The Africa-France Summit, taking place Friday and Saturday in Bamako, Mali, offers an important moment for African countries and France to stand with victims of grave international crimes by voicing their support for the International Criminal Court (ICC).
Withdrawals from the ICC, announced by South Africa, Gambia, and Burundi, pose unprecedented challenges for the court in Africa and could impede access to justice for victims of heinous crimes when their own country’s courts are not an option.
While the ICC is not on the official summit agenda, those attending can still find time to discuss how to best counter unwarranted attacks on the court in Africa.
A number of African countries, including Nigeria, Côte d’Ivoire, and the Democratic Republic of Congo, have said that they will not join the withdrawals, some even announcing this at the ICC’s annual member meeting in November 2016. But more robust, coordinated backing of the court is needed, particularly ahead of the next African Union (AU) summit, which will take place in Ethiopia from January 22 to 31, 2017.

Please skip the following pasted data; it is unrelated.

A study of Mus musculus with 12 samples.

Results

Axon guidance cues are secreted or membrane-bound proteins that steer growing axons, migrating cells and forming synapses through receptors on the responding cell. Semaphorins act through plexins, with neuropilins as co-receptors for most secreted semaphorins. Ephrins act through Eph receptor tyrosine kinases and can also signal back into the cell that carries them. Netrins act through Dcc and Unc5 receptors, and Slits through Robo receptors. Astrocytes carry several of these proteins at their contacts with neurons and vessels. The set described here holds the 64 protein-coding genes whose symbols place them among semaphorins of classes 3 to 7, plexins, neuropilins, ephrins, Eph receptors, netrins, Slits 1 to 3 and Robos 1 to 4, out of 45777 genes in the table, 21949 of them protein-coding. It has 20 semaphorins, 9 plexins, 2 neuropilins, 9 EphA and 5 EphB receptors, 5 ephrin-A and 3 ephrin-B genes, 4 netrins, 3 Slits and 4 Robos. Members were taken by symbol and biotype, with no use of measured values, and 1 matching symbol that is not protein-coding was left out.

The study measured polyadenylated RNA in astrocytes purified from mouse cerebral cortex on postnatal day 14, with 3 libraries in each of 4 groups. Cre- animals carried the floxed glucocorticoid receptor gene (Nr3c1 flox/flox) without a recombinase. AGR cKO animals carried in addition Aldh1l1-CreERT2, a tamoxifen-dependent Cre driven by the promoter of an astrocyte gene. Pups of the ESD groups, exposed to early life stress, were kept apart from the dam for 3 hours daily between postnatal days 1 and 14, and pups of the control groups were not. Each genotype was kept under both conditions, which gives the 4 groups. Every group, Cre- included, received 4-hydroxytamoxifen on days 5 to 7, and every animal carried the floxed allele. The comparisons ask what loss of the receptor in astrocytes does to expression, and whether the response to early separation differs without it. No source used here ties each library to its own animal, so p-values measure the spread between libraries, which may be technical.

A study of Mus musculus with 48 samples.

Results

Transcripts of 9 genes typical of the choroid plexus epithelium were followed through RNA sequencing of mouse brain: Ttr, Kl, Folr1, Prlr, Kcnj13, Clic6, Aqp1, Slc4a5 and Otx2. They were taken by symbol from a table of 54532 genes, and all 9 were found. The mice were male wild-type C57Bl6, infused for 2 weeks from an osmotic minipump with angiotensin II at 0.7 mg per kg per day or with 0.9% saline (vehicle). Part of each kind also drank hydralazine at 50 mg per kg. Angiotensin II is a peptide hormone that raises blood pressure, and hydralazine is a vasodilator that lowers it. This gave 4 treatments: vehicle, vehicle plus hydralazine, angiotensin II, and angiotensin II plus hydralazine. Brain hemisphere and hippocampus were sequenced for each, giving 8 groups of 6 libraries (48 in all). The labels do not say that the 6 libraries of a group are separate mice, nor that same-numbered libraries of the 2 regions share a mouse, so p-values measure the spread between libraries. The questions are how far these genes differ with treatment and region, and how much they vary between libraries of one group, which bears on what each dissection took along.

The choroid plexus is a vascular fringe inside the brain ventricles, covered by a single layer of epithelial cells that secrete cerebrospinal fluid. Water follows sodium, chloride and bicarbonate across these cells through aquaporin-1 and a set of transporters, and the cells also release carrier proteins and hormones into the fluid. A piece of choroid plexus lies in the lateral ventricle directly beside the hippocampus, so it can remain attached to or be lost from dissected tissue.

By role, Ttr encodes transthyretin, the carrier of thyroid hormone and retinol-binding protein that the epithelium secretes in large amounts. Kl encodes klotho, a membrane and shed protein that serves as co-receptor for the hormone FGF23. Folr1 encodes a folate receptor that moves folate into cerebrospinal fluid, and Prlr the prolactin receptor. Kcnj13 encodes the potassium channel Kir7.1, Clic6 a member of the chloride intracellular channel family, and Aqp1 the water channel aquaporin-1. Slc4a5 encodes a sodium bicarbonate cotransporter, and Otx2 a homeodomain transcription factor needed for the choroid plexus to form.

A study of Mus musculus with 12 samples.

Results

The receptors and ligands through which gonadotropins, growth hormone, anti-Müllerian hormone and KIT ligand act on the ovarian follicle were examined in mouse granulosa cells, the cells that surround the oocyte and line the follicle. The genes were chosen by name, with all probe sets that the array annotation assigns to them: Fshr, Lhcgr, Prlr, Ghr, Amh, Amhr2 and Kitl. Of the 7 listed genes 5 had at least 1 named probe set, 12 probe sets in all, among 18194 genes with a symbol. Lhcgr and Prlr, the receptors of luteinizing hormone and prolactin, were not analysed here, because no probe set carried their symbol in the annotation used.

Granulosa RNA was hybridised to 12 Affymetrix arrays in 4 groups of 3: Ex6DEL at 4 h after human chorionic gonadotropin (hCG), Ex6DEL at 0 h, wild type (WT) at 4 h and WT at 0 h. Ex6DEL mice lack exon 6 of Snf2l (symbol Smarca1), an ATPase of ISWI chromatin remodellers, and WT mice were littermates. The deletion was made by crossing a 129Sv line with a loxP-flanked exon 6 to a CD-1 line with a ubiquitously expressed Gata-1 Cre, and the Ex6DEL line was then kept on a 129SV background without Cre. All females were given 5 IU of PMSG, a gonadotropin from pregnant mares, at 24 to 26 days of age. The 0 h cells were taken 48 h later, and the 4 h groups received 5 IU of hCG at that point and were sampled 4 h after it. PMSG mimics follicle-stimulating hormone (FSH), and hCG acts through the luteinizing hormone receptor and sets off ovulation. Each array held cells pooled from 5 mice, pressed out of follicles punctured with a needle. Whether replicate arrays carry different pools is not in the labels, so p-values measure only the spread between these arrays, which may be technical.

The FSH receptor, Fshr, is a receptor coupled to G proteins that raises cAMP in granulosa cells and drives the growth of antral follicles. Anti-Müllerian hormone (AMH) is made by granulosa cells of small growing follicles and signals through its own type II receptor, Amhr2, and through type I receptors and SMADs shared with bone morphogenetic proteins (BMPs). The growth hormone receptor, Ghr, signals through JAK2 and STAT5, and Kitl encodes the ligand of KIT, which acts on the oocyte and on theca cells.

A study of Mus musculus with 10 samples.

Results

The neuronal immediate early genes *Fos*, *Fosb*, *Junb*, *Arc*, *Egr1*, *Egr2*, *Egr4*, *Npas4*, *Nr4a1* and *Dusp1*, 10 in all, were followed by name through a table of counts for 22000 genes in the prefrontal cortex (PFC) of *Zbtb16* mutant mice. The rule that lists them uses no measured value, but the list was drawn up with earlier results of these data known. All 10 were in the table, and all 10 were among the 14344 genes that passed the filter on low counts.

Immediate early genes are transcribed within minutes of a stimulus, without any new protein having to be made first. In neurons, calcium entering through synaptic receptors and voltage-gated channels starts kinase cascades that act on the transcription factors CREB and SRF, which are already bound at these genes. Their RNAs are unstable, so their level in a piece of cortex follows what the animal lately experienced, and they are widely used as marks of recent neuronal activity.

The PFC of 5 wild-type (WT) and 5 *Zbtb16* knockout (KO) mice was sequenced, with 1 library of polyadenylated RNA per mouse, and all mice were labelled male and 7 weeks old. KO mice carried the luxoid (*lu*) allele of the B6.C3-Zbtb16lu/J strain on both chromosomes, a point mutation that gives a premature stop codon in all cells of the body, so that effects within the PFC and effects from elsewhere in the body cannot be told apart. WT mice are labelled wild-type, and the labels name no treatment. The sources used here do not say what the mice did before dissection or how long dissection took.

Benin lawyer Francis Dako said it well in Jeune Afrique this week:
The major gathering of senior African and French representatives in Africa – in Bamako on January 13 and 14 [is] a unique opportunity to reiterate their public support for the International Criminal Court…. It is equally crucial for this summit to encourage in-depth exchanges between the African Union and the ICC to find solutions to shared concerns.
Activists in Mali issued a press release with a similar call.
Like other courts, the ICC has its problems, but it is not targeting Africa over other regions as some critics claim. The majority of its investigations in Africa came about from a request by the affected African country. The cases it has pursued – including for crimes committed in Mali, Democratic Republic of Congo, and the Central African Republic – help to bring justice for African victims.
Hundreds of activists across Africa, working with Human Rights Watch and other groups, have called for their governments to support and strengthen the ICC. African countries can do so through a more coordinated, public stance on the issue.
This article was first published by Human Rights Watch.